How Does My Garden Grow – Mid Spring


Not that we had a real winter here in the PNW, but Spring has most definitely shown up. I consider that has happened once the Lilacs open up – and call to the hummingbirds (we’ve had two amazing red ones this year all over our yard).


And while I worked all fall and winter on the gardens, I keep finding space to fit in “one more raised bed”, over and over. This one is a narrow bed, easy to tuck in. It is 2 blocks across and 4 down, for 12 blocks total (and at around $1.07 a block, it is a bargain).


All winter and into early spring I babied my Yellow Wonder and White Soul Strawberry plants I grew from seeds. In this bed I planted half of each. Always go for the unusual – and you can never have too many strawberry plants if you have children 😉


Once filled I let it settle (I usually water the beds to encourage the soil to tamp down).


I opted for this bed to become another can berry bed. To make it, I pound in U-posts with a rubber mallet, then string them . This bed I added an end trellis I had, as the back two plants are blackcaps and will need/want more area to climb. The front 4 are various red raspberry plants.


The first bed I built for my other raspberry plants I used a thinner gauge metal wiring. This worked considerably better and is easier on the hands as one is stringing the posts.


This was my first dedicated raspberry bed I put in this summer. I added two new plants, a moved plant and I starts I transplanted from it, to make 6 plants. And always….more strawberry plants. I mulched it after this (you can see it below).


On a lark, and with extra building stones I had, I built a bed that only gets good sun exposure from early April to October. Not quite sure what to plant in it, I have decided to go with more blueberries, and put in a variety that only needs partial sun to succeed. Did I mention more strawberries? (Oddly enough, just recently I read a person proclaiming how one shouldn’t plant strawberries in with other berry plants due to risk of disease – and maybe they are right – but I have yet to ever have an issue!)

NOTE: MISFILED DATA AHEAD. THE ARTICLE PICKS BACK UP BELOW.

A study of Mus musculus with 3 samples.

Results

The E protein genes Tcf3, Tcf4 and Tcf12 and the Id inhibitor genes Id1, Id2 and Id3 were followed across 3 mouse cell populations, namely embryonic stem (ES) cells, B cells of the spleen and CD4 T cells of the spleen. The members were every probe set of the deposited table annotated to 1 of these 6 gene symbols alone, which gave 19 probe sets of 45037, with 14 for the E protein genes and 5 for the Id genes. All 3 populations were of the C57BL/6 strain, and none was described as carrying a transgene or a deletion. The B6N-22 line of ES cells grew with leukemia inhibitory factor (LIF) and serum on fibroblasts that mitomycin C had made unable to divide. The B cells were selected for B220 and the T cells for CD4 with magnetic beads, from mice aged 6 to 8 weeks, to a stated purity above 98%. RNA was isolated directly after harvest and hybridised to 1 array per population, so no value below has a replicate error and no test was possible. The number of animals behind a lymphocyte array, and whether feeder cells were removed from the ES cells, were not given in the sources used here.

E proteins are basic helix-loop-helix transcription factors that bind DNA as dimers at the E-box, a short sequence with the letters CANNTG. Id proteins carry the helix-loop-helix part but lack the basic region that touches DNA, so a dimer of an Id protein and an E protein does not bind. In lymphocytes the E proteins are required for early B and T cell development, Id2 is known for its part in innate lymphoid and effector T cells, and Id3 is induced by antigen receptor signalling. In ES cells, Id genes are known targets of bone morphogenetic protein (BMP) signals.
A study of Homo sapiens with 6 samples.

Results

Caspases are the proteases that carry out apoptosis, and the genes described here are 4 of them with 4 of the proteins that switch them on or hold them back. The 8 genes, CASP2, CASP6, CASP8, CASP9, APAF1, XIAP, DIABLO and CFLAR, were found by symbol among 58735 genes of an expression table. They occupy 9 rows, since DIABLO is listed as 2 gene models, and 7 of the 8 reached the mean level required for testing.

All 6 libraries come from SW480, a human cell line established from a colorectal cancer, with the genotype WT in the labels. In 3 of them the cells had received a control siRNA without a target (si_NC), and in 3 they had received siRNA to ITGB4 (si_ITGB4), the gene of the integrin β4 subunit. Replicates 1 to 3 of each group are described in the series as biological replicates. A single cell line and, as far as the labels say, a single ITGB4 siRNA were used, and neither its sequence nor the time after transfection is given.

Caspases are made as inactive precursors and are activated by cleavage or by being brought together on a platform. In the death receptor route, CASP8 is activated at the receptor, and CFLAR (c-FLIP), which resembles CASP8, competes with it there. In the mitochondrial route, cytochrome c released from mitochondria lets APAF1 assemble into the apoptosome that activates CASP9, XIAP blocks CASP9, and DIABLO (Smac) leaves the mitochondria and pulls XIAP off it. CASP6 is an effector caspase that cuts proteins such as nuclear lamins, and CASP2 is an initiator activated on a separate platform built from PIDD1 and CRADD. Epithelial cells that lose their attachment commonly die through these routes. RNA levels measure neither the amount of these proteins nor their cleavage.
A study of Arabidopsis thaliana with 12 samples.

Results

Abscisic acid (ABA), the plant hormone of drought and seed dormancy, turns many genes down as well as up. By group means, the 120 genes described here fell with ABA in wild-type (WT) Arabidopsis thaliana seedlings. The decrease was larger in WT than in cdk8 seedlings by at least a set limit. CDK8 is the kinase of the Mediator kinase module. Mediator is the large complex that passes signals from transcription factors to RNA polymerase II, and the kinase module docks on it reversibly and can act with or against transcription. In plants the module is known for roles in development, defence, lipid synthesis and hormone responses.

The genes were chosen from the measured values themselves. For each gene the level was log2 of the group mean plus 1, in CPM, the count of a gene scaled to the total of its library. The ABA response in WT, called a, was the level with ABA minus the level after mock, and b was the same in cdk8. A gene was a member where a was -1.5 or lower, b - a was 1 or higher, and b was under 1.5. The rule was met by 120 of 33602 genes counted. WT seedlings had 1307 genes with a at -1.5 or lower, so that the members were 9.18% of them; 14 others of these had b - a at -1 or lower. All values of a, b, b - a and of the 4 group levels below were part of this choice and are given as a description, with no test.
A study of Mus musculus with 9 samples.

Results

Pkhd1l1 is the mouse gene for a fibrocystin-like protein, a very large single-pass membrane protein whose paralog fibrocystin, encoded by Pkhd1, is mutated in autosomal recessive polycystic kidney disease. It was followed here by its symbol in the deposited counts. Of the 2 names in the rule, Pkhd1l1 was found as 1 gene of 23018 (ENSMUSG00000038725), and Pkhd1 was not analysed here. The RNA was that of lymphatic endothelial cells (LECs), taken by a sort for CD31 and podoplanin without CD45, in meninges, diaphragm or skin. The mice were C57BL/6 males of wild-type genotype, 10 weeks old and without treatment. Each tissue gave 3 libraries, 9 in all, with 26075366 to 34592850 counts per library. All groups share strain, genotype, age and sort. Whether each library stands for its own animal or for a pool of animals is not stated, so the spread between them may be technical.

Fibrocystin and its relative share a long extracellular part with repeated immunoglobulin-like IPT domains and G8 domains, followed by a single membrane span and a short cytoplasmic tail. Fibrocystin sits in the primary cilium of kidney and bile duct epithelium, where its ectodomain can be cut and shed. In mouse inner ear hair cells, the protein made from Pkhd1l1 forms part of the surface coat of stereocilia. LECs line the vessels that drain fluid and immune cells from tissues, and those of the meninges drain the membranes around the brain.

So it led to a Pinny-project that I was able to get my oldest son to help me with (at 17 he can operate a Sawzall way better than me….). This raised bed experiment? Two pallets, They don’t need to be perfect (just look at them to see if they have the right stamps for garden use). He sawed out all the slats, top and bottom on one (leaving the center bar in, and the edges). The second pallet, he left the bottom slats in.


Taking yard fabric, cover the bottom pallet and use a staple gun to liberally attach. You may need to do two layers if your fabric is thin, or as I did, two sections. Flip over and do the sides, then put the top pallet on and work up.


Move into place (it takes two people, move by the edge boards). Trim and finish stapling to the wood. All over. Drive your husband batty by using all his staples up 😉


Pick your soil carefully with this one – keep it light. I went with potting soil and compost.


High density planting is the key here, with plenty of tomato cages inserted and zip-tied together.


It is hosting tomatoes, peppers and soon, hopefully, cucumber plants.


Speaking of spring…nothing says it more than pea shoots coming up!


Or well…maybe a lot of June Bearer Strawberries going crazy in April!


And a small pano showing how the back fence is going these days 😀

Until later….now I am off to finish building a set of mini raised beds, one for each boy, for his personal blueberry bush and, duh, strawberry plants. Each will have a tiny fence and sign. They are very excited!